When refugees fled war-torn Europe for havens in the Middle East

31 PHOTOS
WWII refugees who fled from Europe to the Middle East
See Gallery
WWII refugees who fled from Europe to the Middle East
(Photo via Library of Congress)
(Photo via Library of Congress)
(Photo via Library of Congress)
(Photo via Library of Congress)
(Photo via Library of Congress)
(Photo via Library of Congress)
(Photo via Library of Congress)
(Photo via Library of Congress)
(Photo via Library of Congress)
(Photo via Library of Congress)
(Photo via Library of Congress)
(Photo via Library of Congress)
(Photo via Library of Congress)
(Photo via Library of Congress)
(Photo via Library of Congress)
(Photo via Library of Congress)
(Photo via Library of Congress)
(Photo via Library of Congress)
(Photo via Library of Congress)
(Photo via Library of Congress)
(Photo via Library of Congress)
(Photo via Library of Congress)
(Photo via Library of Congress)
(Photo via Library of Congress)
(Photo via Library of Congress)
(Photo via Library of Congress)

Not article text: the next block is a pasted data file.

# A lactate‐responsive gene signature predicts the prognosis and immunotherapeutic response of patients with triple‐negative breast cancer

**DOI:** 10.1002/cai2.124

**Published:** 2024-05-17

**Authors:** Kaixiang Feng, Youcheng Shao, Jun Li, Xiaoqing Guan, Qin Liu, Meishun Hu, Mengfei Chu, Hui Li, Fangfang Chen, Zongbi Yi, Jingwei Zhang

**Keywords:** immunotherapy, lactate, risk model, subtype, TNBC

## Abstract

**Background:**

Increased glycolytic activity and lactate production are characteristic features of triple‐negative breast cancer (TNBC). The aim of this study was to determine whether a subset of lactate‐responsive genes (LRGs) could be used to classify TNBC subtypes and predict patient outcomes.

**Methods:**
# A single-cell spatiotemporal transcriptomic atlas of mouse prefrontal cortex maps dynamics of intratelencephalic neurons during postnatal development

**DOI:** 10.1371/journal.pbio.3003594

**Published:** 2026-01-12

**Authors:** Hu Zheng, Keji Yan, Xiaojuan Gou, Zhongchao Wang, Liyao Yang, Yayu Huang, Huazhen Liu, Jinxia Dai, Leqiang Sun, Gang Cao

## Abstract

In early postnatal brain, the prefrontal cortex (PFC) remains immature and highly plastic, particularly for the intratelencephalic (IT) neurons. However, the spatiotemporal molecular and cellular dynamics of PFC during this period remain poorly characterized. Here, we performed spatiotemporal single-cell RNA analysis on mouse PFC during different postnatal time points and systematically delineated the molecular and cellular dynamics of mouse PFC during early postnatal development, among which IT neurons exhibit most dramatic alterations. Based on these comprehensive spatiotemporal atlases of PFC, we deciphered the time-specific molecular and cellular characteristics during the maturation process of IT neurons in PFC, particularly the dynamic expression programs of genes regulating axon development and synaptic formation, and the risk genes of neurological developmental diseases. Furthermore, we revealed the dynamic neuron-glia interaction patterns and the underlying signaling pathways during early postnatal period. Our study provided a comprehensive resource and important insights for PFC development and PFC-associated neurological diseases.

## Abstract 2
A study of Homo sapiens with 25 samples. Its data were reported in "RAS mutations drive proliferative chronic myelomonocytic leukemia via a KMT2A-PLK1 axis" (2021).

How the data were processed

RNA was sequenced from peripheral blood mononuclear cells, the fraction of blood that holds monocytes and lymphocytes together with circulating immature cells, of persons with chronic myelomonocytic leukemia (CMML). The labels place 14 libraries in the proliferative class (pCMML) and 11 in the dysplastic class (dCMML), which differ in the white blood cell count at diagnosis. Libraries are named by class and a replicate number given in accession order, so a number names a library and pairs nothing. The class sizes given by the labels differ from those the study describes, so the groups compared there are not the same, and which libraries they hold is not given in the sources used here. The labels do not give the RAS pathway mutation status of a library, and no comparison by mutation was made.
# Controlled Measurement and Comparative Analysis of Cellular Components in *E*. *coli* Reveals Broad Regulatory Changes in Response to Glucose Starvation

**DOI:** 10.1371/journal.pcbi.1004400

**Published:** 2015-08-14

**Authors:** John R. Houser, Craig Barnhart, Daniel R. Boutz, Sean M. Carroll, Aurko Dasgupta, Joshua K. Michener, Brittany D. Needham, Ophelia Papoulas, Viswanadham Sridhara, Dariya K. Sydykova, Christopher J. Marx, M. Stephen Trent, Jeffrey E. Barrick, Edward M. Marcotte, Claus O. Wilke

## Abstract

(Photo via Library of Congress)
(Photo via Library of Congress)
(Photo via Library of Congress)
(Photo via Library of Congress)
HIDE CAPTION
SHOW CAPTION
of
SEE ALL
BACK TO SLIDE

When Axis and Soviet forces invaded Eastern Europe and the Balkans in the early years of World War II, they sent thousands of refugees fleeing south and east to escape the chaos.

Many fled across the Mediterranean, hopping from island to island in search of safety.

To manage this exodus, in 1942 the British established the Middle East Relief and Refugee Administration (MERRA) and set up a constellation of camps in Egypt, Gaza, and Aleppo, Syria, providing havens for over 40,000 displaced Europeans.

At the El Shatt camp near the southern end of the Suez Canal, thousands of Yugoslavian refugees were settled in tents pitched in the baking sands.

Life in the desert was harsh and living conditions were spartan at best.

Camp residents were typically issued half a portion of an Army ration each day. Residents lucky enough to have some money could also buy food from canteens in the camp.

Still, many found ways to combat the monotony of camp life. Residents constructed playgrounds for the children and plied their various trades, cooking, cleaning, crafting, and even publishing a camp newspaper.

Camp officials would occasionally stage plays, dances, and other entertaining events, and families could enjoy bathing in the Suez Canal and watching the warships pass by.

Following the conclusion of the war, the camp was disbanded in 1946.

Read Full Story

Sign up for Breaking News by AOL to get the latest breaking news alerts and updates delivered straight to your inbox.

Subscribe to our other newsletters

Emails may offer personalized content or ads. Learn more. You may unsubscribe any time.